Early voting begins in NYC

Cyril Josh Barker | 10/24/2019, 12:19 p.m.
Early voting is now in New York and over the next week starting on Saturday, Oct. 26. Voters can go ...

The City’s Campaign Finance Board says early voting is open for nine days in New York, ending. Lawmakers adopted legislation earlier this year making New York the 39th state to offer early voting. This is the first election in which the new law is in effect.

Each voter is assigned to vote at a specific early voting poll site, which may differ from their Election Day poll sites. Voters may go to Voting.NYC and click "Where to Vote” to find their early voting and Election Day poll sites.

"This year’s election is an opportunity for New Yorkers to start their early voting habit now—before we vote for president in 2020, and for mayor in 2021," said Eric Friedman, the Assistant Executive Director for Public Affairs at the NYC Campaign Finance Board & NYC Votes. "With five important questions on the ballot, there isn't a better time to take advantage of New York's new early voting law."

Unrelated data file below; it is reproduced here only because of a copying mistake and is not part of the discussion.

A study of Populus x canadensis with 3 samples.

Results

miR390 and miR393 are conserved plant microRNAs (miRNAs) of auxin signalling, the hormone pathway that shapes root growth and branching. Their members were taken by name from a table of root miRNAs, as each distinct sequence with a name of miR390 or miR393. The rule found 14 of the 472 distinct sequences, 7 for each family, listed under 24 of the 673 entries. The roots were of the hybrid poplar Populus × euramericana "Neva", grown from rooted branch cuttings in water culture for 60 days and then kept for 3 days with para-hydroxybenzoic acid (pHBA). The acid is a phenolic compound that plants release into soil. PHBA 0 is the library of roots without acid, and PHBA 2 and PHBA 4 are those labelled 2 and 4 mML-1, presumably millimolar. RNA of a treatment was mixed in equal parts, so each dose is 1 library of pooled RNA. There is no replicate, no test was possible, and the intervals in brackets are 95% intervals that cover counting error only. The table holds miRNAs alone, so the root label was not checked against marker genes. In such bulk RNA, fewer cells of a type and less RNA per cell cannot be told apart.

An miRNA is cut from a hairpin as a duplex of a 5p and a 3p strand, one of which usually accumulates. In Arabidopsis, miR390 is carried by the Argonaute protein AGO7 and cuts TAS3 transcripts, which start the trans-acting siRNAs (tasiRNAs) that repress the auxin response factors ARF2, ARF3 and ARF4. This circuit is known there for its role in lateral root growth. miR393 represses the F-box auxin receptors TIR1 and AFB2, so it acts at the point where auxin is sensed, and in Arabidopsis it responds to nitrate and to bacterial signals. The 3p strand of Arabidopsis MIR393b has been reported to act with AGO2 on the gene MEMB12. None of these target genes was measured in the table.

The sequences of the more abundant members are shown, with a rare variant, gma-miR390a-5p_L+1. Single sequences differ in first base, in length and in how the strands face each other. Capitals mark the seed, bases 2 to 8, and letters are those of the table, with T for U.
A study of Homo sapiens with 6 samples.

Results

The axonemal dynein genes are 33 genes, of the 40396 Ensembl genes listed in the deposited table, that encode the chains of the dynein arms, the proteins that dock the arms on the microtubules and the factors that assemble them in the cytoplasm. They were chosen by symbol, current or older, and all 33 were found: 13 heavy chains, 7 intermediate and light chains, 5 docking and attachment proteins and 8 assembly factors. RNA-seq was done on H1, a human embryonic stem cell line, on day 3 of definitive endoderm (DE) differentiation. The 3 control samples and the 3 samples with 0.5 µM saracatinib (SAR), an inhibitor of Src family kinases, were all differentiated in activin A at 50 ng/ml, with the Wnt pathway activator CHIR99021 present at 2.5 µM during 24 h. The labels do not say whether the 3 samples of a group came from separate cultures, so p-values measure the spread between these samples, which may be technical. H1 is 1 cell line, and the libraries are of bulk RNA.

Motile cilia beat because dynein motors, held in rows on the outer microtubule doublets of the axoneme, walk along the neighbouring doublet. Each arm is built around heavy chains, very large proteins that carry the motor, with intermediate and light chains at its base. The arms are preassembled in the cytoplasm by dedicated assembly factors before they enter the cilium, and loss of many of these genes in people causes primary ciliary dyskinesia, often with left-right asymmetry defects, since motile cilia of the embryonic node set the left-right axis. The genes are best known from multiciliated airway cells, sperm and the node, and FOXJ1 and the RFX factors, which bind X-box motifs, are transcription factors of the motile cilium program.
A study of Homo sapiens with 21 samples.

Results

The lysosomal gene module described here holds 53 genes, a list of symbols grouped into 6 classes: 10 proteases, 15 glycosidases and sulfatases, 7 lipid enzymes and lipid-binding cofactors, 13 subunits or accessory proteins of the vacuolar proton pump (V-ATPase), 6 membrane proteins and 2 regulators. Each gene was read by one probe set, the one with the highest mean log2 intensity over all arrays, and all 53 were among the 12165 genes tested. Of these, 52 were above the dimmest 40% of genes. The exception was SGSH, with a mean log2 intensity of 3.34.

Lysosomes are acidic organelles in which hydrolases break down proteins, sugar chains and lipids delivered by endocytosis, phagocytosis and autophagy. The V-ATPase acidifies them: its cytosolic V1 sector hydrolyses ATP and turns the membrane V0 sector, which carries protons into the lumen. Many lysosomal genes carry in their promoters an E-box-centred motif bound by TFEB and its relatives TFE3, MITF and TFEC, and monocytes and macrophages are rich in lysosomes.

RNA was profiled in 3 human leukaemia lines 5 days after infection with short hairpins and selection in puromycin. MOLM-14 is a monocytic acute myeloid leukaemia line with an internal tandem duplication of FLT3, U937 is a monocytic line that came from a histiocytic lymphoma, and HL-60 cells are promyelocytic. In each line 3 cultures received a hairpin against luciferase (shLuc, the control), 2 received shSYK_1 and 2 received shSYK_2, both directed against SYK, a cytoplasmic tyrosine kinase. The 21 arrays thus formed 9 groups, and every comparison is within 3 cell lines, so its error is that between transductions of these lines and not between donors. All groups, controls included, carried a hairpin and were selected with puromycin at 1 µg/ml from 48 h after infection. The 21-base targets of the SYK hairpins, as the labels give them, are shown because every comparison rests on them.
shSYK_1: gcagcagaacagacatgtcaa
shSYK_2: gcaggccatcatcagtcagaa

Voters who can’t make it to their early voting or Election Day poll sites can request to cast an absentee ballot. The last day to postmark an application for an absentee ballot is October 29. The last day to apply for an absentee ballot in person is November 4. The last day to postmark a completed absentee ballot is November 4, and the ballot must be received by the Board of Elections by no later than November 12. Voters may deliver an absentee ballot in person to the Board of Elections by close of polls on Election Day.

NYC Votes launched its official Voter Guide for the general election on October 3. For the first time, candidate video statements in the online Voter Guide include American Sign Language interpretations, making the Guide accessible to the estimated 200,000 New Yorkers who are Deaf or hard-of-hearing.

The guide is available in print and online versions. Both versions include comprehensive information about the five ballot proposals that voters will be deciding in this election. Voters may visit Voting.NYC and click "Read the Voter Guide" for information about the candidates in each race and the five ballot initiatives.